It’s a well-known phrase that “it’s better to learn from the mistakes of others than to make the mistakes on your own.” Certainly the lessons learned from mistakes, whether ours or others, can be considered valuable. What value can be placed on a mistake? Take into consideration the mistake that was made in the Garden of Eden at the inception of sin. Most certainly, this was a mistake of eternal consequence that still wreaks havoc on the souls of mankind today, and will until the end of the Age. But even in the severity of this mistake, God placed a value on its victims far higher than any human mind could conceive in that, while we were yet sinners, He died for us.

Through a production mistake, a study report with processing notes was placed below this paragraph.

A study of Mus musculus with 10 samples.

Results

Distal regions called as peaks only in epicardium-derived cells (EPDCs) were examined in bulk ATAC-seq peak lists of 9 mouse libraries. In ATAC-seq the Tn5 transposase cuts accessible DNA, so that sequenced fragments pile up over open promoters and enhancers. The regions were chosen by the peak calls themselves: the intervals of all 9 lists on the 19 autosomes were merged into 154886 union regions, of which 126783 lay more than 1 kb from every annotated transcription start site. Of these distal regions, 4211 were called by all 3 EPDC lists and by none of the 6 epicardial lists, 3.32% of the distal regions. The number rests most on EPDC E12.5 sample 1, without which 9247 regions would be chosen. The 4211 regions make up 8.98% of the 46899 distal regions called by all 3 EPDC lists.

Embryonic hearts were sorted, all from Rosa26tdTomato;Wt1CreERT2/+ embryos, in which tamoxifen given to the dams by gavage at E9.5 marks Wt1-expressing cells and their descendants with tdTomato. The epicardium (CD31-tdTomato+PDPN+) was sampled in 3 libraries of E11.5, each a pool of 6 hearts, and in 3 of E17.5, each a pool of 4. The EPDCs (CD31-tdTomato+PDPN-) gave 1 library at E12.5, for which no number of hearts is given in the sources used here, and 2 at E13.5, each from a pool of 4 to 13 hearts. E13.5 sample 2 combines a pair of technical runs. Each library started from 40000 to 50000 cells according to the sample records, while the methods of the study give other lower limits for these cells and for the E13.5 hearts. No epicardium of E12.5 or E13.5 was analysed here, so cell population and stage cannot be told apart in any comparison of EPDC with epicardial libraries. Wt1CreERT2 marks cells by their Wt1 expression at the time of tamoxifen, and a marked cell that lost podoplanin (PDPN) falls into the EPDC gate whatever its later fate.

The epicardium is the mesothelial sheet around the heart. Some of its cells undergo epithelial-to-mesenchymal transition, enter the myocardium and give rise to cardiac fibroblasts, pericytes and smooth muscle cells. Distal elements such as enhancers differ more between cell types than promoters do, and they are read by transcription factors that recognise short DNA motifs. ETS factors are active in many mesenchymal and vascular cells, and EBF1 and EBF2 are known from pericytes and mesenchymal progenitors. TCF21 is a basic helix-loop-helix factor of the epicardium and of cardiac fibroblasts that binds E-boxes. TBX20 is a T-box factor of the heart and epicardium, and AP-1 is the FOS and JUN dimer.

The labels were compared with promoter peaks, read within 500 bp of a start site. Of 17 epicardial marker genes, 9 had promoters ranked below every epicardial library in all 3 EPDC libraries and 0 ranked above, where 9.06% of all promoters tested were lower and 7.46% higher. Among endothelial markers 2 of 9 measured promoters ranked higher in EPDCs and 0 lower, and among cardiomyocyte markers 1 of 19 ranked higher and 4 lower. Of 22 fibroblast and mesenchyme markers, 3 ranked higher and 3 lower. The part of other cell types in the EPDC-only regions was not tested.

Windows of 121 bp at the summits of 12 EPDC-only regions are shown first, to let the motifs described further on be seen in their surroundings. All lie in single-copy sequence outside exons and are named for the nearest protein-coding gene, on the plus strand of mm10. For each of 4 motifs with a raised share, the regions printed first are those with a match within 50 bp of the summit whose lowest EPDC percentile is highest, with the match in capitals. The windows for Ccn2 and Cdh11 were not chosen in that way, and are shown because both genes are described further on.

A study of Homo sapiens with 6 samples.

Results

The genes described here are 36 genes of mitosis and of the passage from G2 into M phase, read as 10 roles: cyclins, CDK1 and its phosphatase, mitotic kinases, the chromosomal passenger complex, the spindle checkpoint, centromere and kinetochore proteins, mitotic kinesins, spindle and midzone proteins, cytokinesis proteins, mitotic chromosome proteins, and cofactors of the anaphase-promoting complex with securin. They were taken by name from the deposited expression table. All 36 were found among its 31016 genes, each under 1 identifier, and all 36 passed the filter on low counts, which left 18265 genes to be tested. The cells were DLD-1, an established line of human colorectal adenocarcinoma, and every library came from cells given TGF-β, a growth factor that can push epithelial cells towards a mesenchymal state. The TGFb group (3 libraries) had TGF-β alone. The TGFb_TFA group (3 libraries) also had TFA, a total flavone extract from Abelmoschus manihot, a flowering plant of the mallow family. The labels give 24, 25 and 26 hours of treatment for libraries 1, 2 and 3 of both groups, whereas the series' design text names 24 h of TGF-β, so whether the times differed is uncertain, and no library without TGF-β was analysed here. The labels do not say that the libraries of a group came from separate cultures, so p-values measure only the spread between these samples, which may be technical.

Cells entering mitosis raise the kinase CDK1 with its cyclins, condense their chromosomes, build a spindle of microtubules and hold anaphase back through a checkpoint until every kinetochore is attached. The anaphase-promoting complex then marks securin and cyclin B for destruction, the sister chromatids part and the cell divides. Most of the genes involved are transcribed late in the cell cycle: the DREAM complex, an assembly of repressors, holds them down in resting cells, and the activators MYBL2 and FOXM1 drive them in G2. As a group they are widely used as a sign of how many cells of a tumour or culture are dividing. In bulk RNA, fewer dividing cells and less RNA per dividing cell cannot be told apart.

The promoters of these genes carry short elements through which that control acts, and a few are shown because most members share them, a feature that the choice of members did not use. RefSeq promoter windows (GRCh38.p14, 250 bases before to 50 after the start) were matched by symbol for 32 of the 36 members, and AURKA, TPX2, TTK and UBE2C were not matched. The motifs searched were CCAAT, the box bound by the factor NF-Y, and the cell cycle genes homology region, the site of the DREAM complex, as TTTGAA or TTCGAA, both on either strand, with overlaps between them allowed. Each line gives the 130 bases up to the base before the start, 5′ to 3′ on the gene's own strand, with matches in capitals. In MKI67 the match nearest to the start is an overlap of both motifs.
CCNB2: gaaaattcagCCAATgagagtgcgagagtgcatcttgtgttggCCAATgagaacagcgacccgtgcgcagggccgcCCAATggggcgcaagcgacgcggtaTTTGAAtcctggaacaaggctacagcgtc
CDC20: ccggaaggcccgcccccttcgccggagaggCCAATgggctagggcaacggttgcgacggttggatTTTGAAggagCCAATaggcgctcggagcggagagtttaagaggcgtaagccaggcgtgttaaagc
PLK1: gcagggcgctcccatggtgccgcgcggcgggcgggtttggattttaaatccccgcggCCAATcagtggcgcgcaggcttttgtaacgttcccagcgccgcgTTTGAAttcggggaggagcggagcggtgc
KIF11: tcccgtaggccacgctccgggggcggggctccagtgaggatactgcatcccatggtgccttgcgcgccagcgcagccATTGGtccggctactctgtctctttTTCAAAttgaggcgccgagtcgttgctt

This is a one-of-a-kind penny, resulting from a production error at the U.S. mint in Denver. It was struck in bronze rather than the zinc-coated steel normally used during the WWII era. About 20 such errors are known from the Philadelphia and San Francisco mints, but this is the only one known from the Denver mint. The only known 1943-dated Lincoln cent mistakenly struck at the Denver Mint on a bronze planchet has been sold for a record $1.7 million by Legend Numismatics of Lincroft, New Jersey.
The anonymous collector who formerly owned the coin “donated it to a charitable organization so they could sell it with all of the proceeds going to the charity,” according to Andy Skrabalak of Angel Dee’s Coins and Collectibles in Woodbridge, Virginia who acted as agent on behalf of the former owner.
The new owner is an anonymous businessman who plans to exhibit the penny at various venues around the country.